Developing Effective Course Standards

Instructor: Daniel Cooper

Dan has taught the entire Joint Military Communications Management package and has a master's degree in Adult Education.

In this lesson, you will learn the definition of course standards. Additionally, you will learn their purpose in education or training and the steps involved in developing a course standard to ensure the student meets established criteria to demonstrate proficiency in the subject.

What is a Course Standard?

At some time or another during our lives, each of us has sat in a classroom, listening to someone who sounded like Charlie Brown's teacher as she droned on about something which made no sense. Why did I take this class? Is there even a point to what she is saying? Is the clock broken? What we did not know at the time is that there was a reason the particular point was being made. It was like a piece of a large puzzle. Each piece, when put with other pieces, began to help us understand the subject better. When the whole puzzle is completed, we see the big picture and completely understand the subject. This is how course standards work. Simply stated, course standards are stated goals or criteria which a student must achieve by the end of the course. They are often found in a class's syllabus to let the students know what is expected of them.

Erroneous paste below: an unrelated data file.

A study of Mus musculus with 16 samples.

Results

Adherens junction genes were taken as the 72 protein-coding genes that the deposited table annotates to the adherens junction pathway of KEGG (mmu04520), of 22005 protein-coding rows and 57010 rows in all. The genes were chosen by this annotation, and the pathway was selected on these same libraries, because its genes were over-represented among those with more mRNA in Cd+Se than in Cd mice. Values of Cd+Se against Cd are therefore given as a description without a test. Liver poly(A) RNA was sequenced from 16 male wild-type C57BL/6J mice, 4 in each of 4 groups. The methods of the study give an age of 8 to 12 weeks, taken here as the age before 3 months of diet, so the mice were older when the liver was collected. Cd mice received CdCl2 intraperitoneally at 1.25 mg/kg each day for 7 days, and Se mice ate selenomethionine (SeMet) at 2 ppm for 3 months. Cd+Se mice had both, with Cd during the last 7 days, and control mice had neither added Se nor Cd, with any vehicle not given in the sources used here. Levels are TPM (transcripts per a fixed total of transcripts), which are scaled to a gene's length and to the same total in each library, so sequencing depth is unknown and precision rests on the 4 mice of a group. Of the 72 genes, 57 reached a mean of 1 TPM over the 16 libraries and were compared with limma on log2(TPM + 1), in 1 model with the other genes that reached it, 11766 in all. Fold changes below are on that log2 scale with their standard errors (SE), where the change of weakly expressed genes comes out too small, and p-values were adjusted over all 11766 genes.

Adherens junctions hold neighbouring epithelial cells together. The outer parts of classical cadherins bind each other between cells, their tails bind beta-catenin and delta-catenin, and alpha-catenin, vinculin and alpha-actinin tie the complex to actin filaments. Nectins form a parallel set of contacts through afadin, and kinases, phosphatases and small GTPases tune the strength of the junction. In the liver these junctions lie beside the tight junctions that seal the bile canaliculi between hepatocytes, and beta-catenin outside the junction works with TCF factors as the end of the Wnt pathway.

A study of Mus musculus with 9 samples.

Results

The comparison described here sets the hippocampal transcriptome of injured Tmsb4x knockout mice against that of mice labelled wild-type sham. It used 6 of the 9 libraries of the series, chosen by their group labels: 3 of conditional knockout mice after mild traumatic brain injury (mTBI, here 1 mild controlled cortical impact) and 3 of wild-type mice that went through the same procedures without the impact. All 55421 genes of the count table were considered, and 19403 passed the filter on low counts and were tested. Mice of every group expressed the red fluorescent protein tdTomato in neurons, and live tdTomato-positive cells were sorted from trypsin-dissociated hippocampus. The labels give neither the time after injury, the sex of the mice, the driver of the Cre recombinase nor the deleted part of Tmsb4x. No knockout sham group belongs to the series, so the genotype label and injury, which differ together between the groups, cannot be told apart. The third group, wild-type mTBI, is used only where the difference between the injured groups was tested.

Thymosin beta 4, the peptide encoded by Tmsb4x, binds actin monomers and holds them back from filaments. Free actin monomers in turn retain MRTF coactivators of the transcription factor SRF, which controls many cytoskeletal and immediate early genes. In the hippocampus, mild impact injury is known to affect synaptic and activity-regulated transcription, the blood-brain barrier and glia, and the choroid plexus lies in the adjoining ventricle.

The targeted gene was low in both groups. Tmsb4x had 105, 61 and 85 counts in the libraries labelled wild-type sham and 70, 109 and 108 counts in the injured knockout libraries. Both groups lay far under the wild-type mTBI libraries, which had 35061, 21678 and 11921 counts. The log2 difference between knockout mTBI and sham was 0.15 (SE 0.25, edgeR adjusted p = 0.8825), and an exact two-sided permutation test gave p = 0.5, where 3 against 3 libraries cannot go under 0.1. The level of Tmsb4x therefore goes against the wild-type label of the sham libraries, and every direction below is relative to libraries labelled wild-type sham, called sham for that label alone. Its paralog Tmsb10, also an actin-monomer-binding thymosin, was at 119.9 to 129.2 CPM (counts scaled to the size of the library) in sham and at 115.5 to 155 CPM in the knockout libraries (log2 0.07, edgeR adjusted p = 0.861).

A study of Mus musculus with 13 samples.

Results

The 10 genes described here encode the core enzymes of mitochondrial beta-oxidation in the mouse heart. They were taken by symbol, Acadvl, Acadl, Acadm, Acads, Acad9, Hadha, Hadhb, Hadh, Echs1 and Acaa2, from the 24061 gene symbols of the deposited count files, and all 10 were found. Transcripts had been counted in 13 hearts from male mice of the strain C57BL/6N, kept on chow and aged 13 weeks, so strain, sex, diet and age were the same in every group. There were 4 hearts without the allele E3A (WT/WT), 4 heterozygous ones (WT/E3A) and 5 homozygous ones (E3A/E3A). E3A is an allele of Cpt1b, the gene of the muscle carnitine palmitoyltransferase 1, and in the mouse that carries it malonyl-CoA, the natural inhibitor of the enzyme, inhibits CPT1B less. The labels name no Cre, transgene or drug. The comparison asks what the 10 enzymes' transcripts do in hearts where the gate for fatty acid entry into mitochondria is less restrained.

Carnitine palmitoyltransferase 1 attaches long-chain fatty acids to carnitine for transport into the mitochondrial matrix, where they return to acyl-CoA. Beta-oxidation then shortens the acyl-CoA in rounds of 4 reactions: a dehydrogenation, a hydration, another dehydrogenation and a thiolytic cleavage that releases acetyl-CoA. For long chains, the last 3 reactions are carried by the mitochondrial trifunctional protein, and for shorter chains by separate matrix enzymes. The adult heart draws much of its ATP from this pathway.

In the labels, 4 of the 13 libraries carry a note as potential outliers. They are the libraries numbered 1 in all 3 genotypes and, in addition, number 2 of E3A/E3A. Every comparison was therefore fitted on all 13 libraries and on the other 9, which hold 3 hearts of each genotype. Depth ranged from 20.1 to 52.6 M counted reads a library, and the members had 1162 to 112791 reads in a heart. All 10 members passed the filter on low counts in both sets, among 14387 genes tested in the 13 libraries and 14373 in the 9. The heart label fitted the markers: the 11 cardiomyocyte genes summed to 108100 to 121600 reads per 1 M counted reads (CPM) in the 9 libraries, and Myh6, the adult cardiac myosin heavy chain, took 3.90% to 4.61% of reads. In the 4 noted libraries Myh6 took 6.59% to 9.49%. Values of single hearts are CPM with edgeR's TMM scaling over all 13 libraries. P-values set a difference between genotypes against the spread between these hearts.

Teachers consider the subject and what they want their students to know about it, based on the skill level achieved in the previous, lower level class. The course standards may be stated as learning objectives, such as, 'At the conclusion of this course the student will able to stateā€¦'. Since education is meant to be progressive, the class you are attending this year is likely a prerequisite for next year's more advanced class.

Instructional System Design

Although there are several ways to develop coursework, teachers and those developing the school's curriculum often use a five-step process called the Instructional System Design (ISD) model to build each individual class. The five steps are: Analyze, Design, Develop, Implement, and Evaluate. The most commonly used acronym to remember the steps is ADDIE. During the Analyze phase, the course designers study what the students have already learned and where, by the end of the class, they should be. The designer needs to consider previous versions of the same lesson and see if they were adequate in preparing the students for the next level of difficulty in the subject. An example of this would be an ISD review of a Pre-Algebra class to ensure those taking it will be prepared to enter Algebra 1 the following year.

The second step is the Design phase. This is the strategic portion of the process and is when the goals are established. But let's remember the bored student we first talked about. How does the designer keep him interested? During the Design phase, the course designer might add some videos or a group exercise to keep the class engaged in learning.

The designer's third step is the Develop phase. This stage involves making and testing learning objectives - small goals broken down which enable the student to reach a larger goal. The course material itself is developed to ensure that the students will learn what is expected of them by the teacher using this new curriculum.